There’s finally hope on the horizon for many thousands of South Africans around the world who inadvertently lost their SA citizenship when they applied for another country’s passport… without knowing they had to request permission from the SA government first and receive a Letter of Retention (which at the moment is not even possible due to the service being closed!). UPDATE: 11 May 2021: The court yesterday reserved judgment in the case for South Africans who have lost their citizenship.

That’s been the case since 1995 and has led to heartache, frustration, untold paperwork and outrage. But, after a lengthy period of gathering evidence, the DA Abroad has taken the issue on board and will be taking it all the way to court.

In a joint statement today, Dr Rory Jubber (DA Abroad Leader) and Adrian Roos (DA Deputy Shadow Minister of Home Affairs) announced that the case will be heard in the Gauteng Division of the High Court on 10 May, bringing South Africans who were unfairly stripped of their citizenship one stop closer to justice.

The statement explains: “Since 1995 South African citizens have been effectively stripped of their citizenship, often without any knowledge that this has occurred, due to Section 6(1)(a) of the South African Citizenship Act 88 of 1995 stating that a citizen shall cease to be a South African citizen if he or she by some voluntary and formal act, other than marriage, acquires the citizenship or nationality of a country other than South Africa.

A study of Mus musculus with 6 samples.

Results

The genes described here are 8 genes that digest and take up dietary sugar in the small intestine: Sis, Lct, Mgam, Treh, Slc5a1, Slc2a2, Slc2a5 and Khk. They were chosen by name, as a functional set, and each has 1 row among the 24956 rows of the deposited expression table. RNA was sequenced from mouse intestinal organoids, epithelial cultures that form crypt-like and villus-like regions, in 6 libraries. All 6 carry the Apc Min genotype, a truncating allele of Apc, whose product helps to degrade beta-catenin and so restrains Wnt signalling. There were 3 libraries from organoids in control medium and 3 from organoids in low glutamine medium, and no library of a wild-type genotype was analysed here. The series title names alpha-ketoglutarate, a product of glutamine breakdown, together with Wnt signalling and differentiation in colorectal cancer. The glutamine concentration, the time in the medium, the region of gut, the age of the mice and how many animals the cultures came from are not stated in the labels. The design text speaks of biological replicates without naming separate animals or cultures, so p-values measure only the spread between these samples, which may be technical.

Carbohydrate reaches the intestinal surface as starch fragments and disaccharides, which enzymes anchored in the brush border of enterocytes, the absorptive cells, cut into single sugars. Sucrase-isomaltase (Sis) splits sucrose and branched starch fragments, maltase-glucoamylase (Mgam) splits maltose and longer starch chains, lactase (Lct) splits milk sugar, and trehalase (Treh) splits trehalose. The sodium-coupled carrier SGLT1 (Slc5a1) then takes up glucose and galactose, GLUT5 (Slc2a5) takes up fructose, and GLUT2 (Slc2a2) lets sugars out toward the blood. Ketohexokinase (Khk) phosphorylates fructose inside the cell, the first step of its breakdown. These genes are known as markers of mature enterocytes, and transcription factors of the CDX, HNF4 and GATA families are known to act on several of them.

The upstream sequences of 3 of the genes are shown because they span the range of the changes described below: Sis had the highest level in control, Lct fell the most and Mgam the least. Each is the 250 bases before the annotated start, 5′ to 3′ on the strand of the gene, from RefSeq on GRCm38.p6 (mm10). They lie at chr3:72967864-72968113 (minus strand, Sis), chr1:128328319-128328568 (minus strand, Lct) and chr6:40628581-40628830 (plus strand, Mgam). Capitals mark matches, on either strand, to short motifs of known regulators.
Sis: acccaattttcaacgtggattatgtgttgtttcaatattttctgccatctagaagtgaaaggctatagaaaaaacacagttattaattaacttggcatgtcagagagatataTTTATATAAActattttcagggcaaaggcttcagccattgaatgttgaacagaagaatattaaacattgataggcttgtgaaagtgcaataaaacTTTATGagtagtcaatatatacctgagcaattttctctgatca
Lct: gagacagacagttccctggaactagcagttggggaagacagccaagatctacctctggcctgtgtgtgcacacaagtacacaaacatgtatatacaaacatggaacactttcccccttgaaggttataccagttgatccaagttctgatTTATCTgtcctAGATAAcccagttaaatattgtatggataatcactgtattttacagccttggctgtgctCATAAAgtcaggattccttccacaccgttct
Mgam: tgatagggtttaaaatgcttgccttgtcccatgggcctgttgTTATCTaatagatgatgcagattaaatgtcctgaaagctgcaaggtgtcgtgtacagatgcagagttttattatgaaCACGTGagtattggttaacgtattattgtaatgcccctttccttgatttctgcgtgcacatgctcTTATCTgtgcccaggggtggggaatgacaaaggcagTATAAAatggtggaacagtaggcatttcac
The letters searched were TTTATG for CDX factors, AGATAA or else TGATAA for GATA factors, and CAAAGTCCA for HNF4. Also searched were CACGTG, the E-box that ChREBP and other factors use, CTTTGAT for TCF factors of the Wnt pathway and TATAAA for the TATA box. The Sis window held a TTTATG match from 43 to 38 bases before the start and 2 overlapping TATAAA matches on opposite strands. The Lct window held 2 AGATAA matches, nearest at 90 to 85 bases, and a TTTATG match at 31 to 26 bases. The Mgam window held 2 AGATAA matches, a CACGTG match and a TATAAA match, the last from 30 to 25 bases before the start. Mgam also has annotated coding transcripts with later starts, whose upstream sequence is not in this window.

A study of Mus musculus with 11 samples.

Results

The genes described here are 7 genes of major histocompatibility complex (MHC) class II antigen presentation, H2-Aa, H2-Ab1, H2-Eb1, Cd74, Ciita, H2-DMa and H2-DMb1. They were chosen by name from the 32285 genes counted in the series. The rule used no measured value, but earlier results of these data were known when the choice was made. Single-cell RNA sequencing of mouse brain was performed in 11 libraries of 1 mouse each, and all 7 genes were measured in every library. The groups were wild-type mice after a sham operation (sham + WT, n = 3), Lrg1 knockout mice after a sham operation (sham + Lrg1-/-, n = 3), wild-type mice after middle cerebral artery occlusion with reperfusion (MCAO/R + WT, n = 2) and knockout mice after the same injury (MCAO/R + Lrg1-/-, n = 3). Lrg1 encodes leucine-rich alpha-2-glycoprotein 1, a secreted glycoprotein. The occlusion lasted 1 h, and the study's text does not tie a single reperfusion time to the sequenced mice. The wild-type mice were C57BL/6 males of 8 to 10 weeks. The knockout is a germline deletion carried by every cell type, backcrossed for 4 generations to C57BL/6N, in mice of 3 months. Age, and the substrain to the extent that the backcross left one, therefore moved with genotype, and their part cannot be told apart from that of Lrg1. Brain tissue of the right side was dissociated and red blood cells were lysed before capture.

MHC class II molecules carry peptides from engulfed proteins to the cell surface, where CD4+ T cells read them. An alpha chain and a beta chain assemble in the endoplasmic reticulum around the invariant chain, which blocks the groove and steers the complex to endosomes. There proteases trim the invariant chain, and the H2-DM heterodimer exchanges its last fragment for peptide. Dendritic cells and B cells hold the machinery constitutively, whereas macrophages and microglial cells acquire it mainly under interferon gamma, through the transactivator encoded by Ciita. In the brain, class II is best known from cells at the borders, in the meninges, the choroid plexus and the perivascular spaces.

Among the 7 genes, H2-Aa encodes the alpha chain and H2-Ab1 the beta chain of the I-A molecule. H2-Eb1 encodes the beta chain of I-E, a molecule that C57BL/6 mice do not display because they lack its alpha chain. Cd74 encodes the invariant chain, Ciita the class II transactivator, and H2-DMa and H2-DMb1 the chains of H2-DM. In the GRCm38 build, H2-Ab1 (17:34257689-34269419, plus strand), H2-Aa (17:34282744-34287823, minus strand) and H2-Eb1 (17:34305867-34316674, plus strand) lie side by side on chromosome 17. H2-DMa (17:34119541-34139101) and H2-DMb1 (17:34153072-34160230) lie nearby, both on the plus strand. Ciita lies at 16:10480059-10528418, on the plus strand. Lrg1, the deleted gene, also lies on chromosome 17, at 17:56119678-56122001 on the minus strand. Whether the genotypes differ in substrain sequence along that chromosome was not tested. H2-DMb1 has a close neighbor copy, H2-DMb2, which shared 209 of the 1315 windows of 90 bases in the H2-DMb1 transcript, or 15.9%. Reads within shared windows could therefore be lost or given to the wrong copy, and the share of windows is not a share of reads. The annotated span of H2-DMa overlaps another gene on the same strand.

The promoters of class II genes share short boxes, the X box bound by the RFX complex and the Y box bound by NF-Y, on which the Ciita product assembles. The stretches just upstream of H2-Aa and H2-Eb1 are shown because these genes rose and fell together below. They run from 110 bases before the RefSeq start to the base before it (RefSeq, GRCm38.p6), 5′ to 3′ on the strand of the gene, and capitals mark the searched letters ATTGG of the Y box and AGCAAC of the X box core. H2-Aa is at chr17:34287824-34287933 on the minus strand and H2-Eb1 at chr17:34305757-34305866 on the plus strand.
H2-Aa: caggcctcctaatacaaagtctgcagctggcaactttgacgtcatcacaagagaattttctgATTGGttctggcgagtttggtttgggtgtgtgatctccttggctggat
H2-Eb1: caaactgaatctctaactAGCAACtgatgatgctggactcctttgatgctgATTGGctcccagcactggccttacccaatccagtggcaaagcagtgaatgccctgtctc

“Currently, the only recourse that South Africans have to avoid this when applying for an additional citizenship, is to apply to the Minister of Home Affairs, Dr. Aaron Motsoaledi, to allow them to retain their South African citizenship. If a citizen does not apply for retention of citizenship and proceeds with the application for the citizenship of another country, then they are deprived of their South African citizenship.

“This is the case even if the citizen does not know the relevant arcane section of the Citizenship Act,” says the DA.

However that service currently remains CLOSED, even under Lockdown Level 1, and despite the DA informing the Minister that citizens will be denied their constitutional right to citizenship, and requesting that the service be urgently reopened.

“The Department has failed to answer a written parliamentary question submitted by the DA regarding the medical, scientific, or Covid-19-risk related reasons these services remain closed,” says the statement.

The DA submitted its heads of argument to the High Court in late 2020, arguing that:

  • Section 6(1)(a) of the Act is inconsistent with the Constitution and invalid;
  • All persons who had lost their South African citizenship in terms of Section 6(1)(a) of the Act on or after 6 October 1995 are South African citizens; and
  • That all persons referred to above may apply to the Minister in terms of Section 15 of the Act for the appropriate certificate of citizenship.

“If the DA is successful, we will overturn the effects of the unfair stripping of citizenship. Nobody should be stripped of their citizenship unwittingly and the DA and DA Abroad will fight for the constitutional rights of all South Africans, at home and abroad,” says the statement.